Workshop 3: Arts Integration & Cabinets of Curiosity

In December, the Spencer hosted SMAC's third workshop focusing on arts integration and creating sustainable, personalized lesson plans. We began the workshop with a presentation on the foundations of arts integration (AI) and an introduction to the Kennedy Center's definition of arts integration. In doing so, our educators gained a better understanding of what arts integration is and what it means to truly integrate the arts in the classroom.

The Kennedy Center's definition of arts integration emphasizes the importance of creating an approach to teaching through which students may demonstrate their understanding of both the arts and another subject matter through a creative process that meets evolving objectives in both areas. Later, we discussed other uses of art in the classroom that would not be considered "arts integration," but may serve as an authentic segue, or first step, for educators just beginning their arts integration journey. For example, arts enhancement (also known as arts hitching), is the use of an art or art activity in conjuncture with another academic subject, but without an attempt to teach art skills or an understanding of the art, and is just one of the many ways educators may begin using the arts in their classroom.

This was followed by a presentation on supporting AI research, SMAC resources, and some tips for creating lesson plans. Visit our resources page to find a copy of the PowerPoint used to present this information; including the video of Two Rivers, a charter school implementing a school-wide arts integration program.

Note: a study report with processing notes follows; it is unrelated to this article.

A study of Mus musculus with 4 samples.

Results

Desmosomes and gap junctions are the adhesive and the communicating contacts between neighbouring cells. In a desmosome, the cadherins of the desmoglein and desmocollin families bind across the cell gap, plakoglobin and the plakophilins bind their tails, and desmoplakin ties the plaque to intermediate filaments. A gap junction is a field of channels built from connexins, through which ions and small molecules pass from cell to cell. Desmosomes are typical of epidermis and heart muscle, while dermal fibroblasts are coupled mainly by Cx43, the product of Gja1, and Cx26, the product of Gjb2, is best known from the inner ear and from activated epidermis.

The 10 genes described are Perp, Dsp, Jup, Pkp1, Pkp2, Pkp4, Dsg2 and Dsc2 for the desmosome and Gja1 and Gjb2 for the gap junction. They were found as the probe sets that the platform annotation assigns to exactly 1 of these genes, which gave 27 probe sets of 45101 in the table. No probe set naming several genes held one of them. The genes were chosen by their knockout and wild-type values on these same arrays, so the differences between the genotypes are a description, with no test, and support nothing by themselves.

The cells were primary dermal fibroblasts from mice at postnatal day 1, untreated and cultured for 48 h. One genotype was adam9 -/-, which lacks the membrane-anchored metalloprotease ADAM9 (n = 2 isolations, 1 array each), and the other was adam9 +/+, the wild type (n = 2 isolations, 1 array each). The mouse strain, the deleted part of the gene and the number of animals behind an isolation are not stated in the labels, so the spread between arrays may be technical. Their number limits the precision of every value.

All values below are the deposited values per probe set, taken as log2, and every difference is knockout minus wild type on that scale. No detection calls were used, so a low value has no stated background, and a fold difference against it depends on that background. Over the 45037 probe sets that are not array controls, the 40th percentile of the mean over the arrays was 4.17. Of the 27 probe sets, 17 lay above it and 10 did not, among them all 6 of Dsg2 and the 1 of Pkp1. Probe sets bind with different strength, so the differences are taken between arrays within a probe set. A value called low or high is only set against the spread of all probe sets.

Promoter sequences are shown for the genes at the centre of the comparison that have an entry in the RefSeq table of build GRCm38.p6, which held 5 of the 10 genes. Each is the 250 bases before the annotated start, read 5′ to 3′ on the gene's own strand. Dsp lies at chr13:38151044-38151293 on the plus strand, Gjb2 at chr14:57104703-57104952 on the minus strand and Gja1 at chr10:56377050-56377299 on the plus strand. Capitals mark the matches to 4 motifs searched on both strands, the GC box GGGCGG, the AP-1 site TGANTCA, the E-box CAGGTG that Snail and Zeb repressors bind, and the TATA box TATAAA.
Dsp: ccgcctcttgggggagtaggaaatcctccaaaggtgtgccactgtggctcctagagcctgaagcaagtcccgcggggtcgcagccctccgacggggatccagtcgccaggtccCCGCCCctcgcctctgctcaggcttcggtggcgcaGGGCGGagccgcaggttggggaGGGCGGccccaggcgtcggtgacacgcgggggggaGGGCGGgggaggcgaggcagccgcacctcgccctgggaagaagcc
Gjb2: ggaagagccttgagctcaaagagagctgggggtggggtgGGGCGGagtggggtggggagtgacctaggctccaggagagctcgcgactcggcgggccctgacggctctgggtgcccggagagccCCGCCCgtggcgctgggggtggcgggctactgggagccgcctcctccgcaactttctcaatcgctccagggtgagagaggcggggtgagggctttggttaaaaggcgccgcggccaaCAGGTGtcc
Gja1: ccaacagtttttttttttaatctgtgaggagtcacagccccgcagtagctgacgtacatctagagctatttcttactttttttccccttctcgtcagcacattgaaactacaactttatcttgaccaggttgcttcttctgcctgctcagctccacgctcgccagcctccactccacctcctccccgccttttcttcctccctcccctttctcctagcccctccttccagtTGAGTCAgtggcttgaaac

After the presentation on arts integration, the educators were presented with several resources for creating an arts integration lesson plan using the concept of curiosity cabinets, to teach students about scientific classification systems and museum-based research (Click here for more information on curiosity cabinets from the British Public Library). The goals of this lesson were to learn the history of collecting, classifying and exhibiting items; exploring and creating systems of classification; classifying objects using observation; and the identification and comparison of objects through both a historical and scientific lens. Additionally, students will learn to communicate systems of classification and are motivated to problem-solve though the use of critical analysis skills and higher-order thinking.

At the end of the workshop, educators were given the opportunity to visit the museum's galleries and create their own digital cabinets of curiosity. After identifying and classifying at least five objects, the educators organized and presented their cabinets through PowerPoint. This activity provided the educators with the opportunity to show what they had learned and receive feedback from peers.